The Eternal Hope Of An Author
Posted by Literary Titan
To See God follows a Jewish family who, despite being separated by distance and religious beliefs, find a way to bond. What was the inspiration for the setup of your story?
The novel is a sequel to The Flight of the Veil, the book in which the Greek Orthodox nun, Sister Theodora, is reunited with her older brother, Dr. Nicky Covo, after they were separated for 47 years by the Holocaust. The shock of their unexpected reunion – of Nicky, who believed his entire family died at Auschwitz after he’d left their family home to hide, and of his baby sister, then named Kal, who has no recollection for that long period of having been born into a Jewish family – puts all the characters in motion, and that’s where the prior novel ends. In particular, Sister Theodora has begun to recall her Jewish roots, including Talmudic stories taught to her by their father. So my principal motivation in writing To See God was to learn what happened next to these characters, whom I have grown to love over the 13 years I’ve been writing about them.
What is one thing you hope readers take away from your story?
A desire to read the book again and to share it with their friends. Beyond that – the eternal hope of an author that he has created a compelling reading experience – I would be pleased if readers took from the story a renewed sense of the importance of family. That’s why I have intertwined so many other family sub-plots into the story of Nicky and Theodora. These include the relationship of Nicky’s adult son and daughter, Max and Kayla, who live together; that of Kayla and August, her son’s father, who struggle through a Family Court custody fight; that of Nicky and Helen, who must decide in their senior years whether to marry; and most importantly that of Theodora and Jackie, her grandnephew, whose religious beliefs seem inextricably in conflict – but maybe not.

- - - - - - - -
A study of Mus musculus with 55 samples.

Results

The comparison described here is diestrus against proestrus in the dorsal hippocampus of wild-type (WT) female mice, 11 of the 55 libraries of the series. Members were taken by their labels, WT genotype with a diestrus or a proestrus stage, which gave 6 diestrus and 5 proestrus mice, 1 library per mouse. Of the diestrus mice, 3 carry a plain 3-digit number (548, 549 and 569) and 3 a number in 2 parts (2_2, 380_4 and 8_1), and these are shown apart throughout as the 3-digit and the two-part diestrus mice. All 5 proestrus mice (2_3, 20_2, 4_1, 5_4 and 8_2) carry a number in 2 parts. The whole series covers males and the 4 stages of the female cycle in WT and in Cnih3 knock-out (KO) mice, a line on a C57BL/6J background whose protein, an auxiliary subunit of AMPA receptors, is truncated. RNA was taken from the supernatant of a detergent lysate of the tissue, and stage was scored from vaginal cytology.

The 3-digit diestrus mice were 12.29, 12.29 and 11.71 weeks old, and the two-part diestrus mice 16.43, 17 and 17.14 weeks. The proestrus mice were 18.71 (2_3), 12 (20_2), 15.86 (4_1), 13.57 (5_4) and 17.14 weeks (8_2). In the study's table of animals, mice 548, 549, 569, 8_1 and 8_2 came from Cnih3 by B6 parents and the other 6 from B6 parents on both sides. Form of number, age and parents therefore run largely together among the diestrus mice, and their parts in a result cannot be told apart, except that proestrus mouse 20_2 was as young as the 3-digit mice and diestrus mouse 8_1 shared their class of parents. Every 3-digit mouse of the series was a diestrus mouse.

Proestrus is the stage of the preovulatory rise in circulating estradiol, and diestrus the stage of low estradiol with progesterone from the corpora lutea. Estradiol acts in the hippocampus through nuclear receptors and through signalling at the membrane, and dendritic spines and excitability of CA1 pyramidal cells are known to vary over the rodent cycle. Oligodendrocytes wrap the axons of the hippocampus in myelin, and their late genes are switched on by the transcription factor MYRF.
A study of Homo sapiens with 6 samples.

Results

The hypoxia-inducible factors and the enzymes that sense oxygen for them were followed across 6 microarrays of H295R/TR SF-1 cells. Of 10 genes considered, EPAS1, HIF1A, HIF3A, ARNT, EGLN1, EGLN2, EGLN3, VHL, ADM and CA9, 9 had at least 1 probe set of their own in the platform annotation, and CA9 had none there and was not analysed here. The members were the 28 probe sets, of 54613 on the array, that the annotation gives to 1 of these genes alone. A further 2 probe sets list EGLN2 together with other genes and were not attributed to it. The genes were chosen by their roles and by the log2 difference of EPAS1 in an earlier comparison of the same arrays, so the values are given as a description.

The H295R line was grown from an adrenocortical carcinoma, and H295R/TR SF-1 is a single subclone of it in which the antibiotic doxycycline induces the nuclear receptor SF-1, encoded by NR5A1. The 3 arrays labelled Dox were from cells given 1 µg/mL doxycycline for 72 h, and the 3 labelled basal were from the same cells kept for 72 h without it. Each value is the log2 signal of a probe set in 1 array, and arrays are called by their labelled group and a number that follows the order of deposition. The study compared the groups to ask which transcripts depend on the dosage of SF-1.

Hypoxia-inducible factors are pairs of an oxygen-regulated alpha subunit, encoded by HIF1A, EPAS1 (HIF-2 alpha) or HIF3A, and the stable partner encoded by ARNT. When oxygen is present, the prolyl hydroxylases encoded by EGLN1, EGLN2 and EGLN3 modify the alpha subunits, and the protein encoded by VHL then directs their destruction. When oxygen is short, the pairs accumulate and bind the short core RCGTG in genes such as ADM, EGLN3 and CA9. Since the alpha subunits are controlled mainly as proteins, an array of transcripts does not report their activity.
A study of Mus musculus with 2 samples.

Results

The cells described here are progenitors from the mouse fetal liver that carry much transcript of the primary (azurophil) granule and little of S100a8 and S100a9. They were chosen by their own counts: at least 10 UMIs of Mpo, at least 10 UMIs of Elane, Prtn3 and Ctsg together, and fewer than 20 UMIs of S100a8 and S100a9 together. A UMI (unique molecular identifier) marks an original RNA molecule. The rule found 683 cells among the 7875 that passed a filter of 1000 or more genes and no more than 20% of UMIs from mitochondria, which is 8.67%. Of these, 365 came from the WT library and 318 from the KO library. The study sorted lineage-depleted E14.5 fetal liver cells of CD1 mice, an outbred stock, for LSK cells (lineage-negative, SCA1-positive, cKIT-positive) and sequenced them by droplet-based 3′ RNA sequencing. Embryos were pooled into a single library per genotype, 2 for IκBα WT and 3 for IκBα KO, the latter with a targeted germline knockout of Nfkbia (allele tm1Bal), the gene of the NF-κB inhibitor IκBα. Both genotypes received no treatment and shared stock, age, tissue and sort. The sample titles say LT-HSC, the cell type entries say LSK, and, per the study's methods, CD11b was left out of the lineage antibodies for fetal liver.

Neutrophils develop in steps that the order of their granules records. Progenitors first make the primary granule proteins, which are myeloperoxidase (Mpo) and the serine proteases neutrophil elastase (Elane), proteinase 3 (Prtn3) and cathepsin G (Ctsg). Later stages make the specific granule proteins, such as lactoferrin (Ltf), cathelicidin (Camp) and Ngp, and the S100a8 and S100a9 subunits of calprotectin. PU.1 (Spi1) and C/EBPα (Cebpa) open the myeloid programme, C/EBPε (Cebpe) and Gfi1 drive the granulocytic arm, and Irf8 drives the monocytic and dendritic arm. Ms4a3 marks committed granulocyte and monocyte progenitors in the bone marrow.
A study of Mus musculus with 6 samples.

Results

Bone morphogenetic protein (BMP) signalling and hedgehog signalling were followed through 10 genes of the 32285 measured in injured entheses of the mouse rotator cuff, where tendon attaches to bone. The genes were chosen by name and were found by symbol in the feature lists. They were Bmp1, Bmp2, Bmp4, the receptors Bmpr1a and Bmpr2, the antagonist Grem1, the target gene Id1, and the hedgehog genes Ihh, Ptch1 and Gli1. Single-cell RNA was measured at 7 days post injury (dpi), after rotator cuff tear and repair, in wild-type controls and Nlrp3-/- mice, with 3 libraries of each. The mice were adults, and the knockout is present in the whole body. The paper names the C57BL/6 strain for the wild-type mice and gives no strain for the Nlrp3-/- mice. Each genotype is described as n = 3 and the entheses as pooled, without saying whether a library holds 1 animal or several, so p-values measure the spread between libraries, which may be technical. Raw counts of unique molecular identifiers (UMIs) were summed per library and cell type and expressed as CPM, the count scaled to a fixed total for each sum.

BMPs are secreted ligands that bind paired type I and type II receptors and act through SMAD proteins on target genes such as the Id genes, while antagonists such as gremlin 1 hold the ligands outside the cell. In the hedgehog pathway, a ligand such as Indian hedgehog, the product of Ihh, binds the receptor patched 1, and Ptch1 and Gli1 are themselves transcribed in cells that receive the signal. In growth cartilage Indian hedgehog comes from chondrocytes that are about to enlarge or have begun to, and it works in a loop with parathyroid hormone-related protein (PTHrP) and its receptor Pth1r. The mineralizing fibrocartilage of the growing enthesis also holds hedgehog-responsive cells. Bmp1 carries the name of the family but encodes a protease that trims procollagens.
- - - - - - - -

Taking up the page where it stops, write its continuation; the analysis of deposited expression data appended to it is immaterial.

What were some themes that were important for you to explore in this book?
I’ve already mentioned family, but equally important is the importance of faith to many of the characters in this book. And that presents its own set of conflicts, one of the most interesting of which, in my opinion, is the divergence between orthodox beliefs and new religious experiences not endorsed by orthodoxy. A central character is Abbess Fevronia, the leader of Sister Theodora’s monastery and someone who must try to bridge the growing gap between Greek Orthodox Christianity and what Sister Theodora – who has undoubtedly experienced miracles and might one day be deemed a saint – claims is a message from God. But religious conflicts surround others in the novel as well, e.g., Nicky, an atheist, and Helen, a deeply religious Jew.
What is the next book that you are working on and when will it be available?
I’ve started a fourth book of this series, tentatively named Forgiveness, which would be a sequel to To See God. But I teach writing at American University during the fall and spring semesters, and I find it difficult to make much progress in my own writing when I’m more involved with my students’ lives and their writing. This coming summer I hope to complete a first draft of the novel, and then we’ll see where it goes from there. With luck, Forgiveness would be available in about two years.
About Literary TitanThe Literary Titan is an organization of professional editors, writers, and professors that have a passion for the written word. We review fiction and non-fiction books in many different genres, as well as conduct author interviews, and recognize talented authors with our Literary Book Award. We are privileged to work with so many creative authors around the globe.
Posted on March 4, 2023, in Interviews and tagged author, author interview, book, book recommendations, book review, book reviews, book shelf, bookblogger, books, books to read, Bruce J. Berger, christian fiction, ebook, fiction, goodreads, indie author, kindle, kobo, literature, nook, novel, read, reader, reading, spirituality, story, To See God, writer, writing. Bookmark the permalink. Leave a comment.